Know what a button stick is? Just ask an angry Zimbabwean.
In the wake of the arrest of Evan Mawarire on charges of inciting public violence, Zimbabweans have been mocking glaring typos in the state’s case against the popular pastor.
First, the warrant used to search Mawarire’s home in central Harare on Tuesday, hours before a two-day strike to protest government corruption and an import ban was billed to start. The warrant reads: “Evan Mawarire is believed to be in possession of a stolen police helmet, button stick and other subversive material.”
Zimbabwean Twitter erupted.
“We could probably have just bought another buttonstick if y’all hadn’t lost the $15000000000,” said @finally_phineas in a reference to the money from Zimbabwe’s diamonds that’s unaccounted for.
Said @shantee_em8: “All that effort which was put in recovering a “BUTTON” stickand a helmet, just imagine if it was channelled to finding the 15 Billion.”
Zenzele Ndebele of Bulawayo’s Centre for Innovation and Technology said in a tweet: “Am not going to work tomorrow. Am helping the police to look for their helmet and “buttonstick”. #ThisFlag #ZimShutDown2016″.
It was, of course, a baton the police were allegedly looking for. And those with good memories pointed out that police raiding the headquarters of the opposition Movement for Democratic Change in March 2015, shortly after the disappearance of activist Itai Dzamara, were also looking for a missing helmet and “baton stick”.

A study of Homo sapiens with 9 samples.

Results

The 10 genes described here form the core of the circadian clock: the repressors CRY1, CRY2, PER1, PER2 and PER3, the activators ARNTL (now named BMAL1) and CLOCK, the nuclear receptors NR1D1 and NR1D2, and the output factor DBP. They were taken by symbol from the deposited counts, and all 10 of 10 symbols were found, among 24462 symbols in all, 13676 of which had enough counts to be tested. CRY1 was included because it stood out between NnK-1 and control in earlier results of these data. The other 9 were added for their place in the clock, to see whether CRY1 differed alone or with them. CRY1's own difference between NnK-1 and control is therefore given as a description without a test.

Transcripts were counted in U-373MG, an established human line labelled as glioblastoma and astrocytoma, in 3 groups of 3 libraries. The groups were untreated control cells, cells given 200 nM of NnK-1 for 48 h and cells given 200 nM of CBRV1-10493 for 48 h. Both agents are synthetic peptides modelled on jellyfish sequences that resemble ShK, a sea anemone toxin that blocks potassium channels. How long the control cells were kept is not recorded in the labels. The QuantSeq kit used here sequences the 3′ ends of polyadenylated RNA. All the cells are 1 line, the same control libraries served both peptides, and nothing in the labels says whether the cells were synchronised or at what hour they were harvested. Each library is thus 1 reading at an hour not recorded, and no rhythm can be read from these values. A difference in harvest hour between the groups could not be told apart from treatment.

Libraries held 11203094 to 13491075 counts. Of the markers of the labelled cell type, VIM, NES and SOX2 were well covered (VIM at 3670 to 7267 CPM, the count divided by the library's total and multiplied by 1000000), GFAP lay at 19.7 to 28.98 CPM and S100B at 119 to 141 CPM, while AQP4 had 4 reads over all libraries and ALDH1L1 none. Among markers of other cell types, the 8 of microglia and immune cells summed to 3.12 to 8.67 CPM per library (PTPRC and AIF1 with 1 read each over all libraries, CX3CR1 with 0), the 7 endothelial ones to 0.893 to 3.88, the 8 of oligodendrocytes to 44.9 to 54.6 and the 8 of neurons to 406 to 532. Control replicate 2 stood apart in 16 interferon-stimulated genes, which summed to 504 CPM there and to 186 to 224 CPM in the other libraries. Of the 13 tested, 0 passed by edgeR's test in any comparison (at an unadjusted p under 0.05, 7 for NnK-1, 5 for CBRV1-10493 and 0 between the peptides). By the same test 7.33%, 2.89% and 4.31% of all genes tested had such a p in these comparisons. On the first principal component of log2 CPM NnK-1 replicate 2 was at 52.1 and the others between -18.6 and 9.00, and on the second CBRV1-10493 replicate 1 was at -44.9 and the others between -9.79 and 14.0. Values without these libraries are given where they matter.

On Tuesday, mock-ups of possible “button sticks” circulated: sticks with a button attached to them. That wasn’t the only mistake that eagle-eyed – and furious – Zimbabweans were quick to latch onto. Instead of government printers, the wording at the top of the warrant read “Governement”.
Tweeted @JayHeckk: “You can’t even spell GOVERNMENT!!? And then moti BUTTON stick??”
Mawarire’s arrest attracted attention from media outlets around the world. But at home in Zimbabwe state media paid it scant attention.
The government-run Zimbabwe Broadcasting Corporation – which is loyal to President Robert Mugabe’s government – devoted just two sentences to Mawarire’s arrest in its hour-long evening news bulletin.
Senior Zanu-PF officials were silent about the charges on Twitter. But there was a brusque warning from ruling party MP Psychology Maziwisa that reflects the authorities’ dislike of social media, where growing numbers of Zimbabweans are loud in their condemnation of what’s happening in their country.
Said Maziwisa: “President #Mugabe was elected into power. He will not be tweeted out of power.”